Universities to replace degree transcripts

Universities across the country will begin using a new degree transcript from the 2012 academic year. The system will involve providing a new document to graduates – similar to the current degree transcript – called the Higher Education Achievement Report (HEAR), which will provide a much more detailed assessment of a student’s time at university.

The most controversial aspect of the HEAR will be the inclusion of information on a student’s extracurricular activities. The aim of including this information is that it will provide a more accurate picture of students’ activities at university. Opponents, however, say it will mean that students will join societies simply to have the society listed on their report.

The HEAR will also include individual module results and feedback, as well as descriptions of the course studied and a profile of the university. Warwick will begin trialling the new system with a set of 200 undergraduates this summer, prior to full implementation for the graduating class of 2012.

Students’ Union Education Officer Sean Ruston said: “Part of the rationale is to make it easier for international students to use the qualification they have at Warwick; there have been difficulties with international employers not understanding the quaint English system. This is part of the effort to combat that; to enhance Warwick students’ employability.”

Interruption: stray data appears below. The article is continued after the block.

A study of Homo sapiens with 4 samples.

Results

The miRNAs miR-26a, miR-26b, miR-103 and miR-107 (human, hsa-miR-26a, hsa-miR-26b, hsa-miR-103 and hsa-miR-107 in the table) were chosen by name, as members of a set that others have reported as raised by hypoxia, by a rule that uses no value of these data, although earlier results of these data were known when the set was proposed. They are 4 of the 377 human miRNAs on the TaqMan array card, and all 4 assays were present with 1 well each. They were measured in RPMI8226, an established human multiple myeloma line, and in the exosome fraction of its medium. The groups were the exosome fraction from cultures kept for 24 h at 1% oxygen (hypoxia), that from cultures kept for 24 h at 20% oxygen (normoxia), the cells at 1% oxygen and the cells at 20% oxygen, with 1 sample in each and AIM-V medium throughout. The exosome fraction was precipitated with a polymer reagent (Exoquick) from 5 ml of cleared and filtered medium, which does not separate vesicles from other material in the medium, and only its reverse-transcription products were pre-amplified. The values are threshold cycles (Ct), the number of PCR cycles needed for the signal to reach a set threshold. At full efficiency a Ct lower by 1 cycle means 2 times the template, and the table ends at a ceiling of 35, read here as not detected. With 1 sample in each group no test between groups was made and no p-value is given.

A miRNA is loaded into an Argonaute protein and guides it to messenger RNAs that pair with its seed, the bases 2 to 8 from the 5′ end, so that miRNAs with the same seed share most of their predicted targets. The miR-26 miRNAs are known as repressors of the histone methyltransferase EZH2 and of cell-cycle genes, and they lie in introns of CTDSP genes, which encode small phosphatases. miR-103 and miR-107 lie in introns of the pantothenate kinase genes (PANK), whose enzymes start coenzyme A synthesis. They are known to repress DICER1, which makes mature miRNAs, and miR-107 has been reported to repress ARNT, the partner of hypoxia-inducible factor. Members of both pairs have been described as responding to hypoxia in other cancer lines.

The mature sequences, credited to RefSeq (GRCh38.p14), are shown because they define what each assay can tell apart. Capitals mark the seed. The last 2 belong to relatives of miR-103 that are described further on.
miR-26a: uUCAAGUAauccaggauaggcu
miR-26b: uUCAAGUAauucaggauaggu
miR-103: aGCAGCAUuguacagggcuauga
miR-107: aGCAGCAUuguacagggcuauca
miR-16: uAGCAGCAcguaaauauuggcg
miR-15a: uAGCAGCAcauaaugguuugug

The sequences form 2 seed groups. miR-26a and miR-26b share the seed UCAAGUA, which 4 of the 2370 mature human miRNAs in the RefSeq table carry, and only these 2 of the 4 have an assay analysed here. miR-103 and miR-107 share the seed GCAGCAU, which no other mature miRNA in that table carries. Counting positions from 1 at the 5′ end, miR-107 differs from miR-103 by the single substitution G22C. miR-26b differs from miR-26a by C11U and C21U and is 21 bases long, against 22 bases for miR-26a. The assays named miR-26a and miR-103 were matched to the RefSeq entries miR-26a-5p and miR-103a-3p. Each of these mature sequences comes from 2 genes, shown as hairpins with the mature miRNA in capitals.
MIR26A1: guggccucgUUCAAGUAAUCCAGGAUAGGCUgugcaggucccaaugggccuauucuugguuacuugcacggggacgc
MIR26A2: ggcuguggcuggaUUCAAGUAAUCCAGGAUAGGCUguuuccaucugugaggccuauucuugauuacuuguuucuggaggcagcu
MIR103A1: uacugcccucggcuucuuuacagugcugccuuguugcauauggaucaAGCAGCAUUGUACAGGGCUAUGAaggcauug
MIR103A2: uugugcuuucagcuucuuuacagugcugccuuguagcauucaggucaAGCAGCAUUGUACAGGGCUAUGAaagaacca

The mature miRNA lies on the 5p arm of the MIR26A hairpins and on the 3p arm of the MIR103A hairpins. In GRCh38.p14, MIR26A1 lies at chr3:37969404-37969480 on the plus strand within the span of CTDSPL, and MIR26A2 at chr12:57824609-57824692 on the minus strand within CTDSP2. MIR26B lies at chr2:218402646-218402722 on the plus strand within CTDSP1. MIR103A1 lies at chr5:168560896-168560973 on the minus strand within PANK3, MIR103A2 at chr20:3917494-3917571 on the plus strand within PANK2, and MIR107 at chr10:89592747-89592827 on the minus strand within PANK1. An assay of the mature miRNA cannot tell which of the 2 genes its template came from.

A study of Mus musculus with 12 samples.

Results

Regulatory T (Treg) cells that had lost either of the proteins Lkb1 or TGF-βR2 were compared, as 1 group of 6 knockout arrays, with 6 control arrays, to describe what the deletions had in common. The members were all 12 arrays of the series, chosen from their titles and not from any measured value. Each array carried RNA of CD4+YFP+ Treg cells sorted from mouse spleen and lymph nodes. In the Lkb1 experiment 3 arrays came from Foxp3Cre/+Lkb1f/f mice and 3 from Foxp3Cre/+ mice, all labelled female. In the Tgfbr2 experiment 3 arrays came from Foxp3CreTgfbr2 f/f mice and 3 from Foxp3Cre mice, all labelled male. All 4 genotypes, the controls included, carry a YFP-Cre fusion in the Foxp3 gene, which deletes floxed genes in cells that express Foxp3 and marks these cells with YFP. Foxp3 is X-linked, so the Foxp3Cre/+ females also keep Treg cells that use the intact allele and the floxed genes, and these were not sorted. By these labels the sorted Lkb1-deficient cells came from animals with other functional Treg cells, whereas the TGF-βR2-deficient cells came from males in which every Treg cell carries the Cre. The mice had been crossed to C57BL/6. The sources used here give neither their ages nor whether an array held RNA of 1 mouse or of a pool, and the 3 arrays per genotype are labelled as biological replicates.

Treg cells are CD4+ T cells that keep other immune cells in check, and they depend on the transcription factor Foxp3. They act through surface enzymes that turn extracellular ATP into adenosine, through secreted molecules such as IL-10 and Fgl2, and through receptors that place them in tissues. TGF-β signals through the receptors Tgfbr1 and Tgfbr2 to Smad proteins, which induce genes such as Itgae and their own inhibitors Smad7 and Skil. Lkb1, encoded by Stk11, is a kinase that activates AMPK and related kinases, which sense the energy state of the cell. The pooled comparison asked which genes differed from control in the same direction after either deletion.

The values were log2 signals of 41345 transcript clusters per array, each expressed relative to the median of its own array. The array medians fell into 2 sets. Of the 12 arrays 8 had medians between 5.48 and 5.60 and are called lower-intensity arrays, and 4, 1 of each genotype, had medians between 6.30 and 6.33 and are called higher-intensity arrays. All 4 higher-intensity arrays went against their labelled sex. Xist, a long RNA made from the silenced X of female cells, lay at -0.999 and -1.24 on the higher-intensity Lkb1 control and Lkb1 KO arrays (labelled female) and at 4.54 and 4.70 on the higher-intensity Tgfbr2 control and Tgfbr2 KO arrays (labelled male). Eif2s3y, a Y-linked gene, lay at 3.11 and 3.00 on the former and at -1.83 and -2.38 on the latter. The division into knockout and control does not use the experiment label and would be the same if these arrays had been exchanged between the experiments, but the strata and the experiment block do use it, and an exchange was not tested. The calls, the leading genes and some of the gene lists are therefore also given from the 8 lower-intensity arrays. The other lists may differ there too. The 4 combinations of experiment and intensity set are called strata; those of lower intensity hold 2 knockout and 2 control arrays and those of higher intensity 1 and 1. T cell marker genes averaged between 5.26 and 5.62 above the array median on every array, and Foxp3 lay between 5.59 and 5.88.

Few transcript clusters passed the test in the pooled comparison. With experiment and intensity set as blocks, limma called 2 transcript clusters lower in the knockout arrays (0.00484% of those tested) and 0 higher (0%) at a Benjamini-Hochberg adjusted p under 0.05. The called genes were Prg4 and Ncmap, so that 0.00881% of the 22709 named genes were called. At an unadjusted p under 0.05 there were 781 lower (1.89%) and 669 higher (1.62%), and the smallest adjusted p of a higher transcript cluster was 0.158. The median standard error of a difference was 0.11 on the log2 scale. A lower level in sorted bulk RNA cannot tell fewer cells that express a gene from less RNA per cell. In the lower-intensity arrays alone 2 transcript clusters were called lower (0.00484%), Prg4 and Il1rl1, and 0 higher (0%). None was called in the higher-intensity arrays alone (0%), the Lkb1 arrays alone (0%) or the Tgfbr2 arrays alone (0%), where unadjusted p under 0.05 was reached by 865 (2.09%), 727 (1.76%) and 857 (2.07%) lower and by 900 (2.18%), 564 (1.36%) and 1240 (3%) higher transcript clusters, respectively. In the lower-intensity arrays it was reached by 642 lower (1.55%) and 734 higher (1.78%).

He added, referring to the issue of including extracurricular activites: “We’ll be looking at how we make sure that people who’ve put no effort into a role can’t put it onto the HEAR. But how do we accredit that? It needs to be wide-ranging but authoritative, which is a difficult balance to achieve.”

Students who spoke to the Boar offered a mixed reaction to the changes. “When it comes to reviewing students for their activity in societies, I am not cool with it. The extra-curricular activity is something I feel should come from personal interest only, it should shine out only in interviews and job applications and not be treated as another grade,” said Jason Davison, a third-year Maths student.

Another student, Jenny Quigley-Jones, said: “I think it will offer employers a far more accurate image of applicants’ strengths. Including extra-curricular activities means candidates should be rewarded for being more rounded.”

A University spokesperson declined to discuss how the system will work at Warwick. More details will be revealed soon.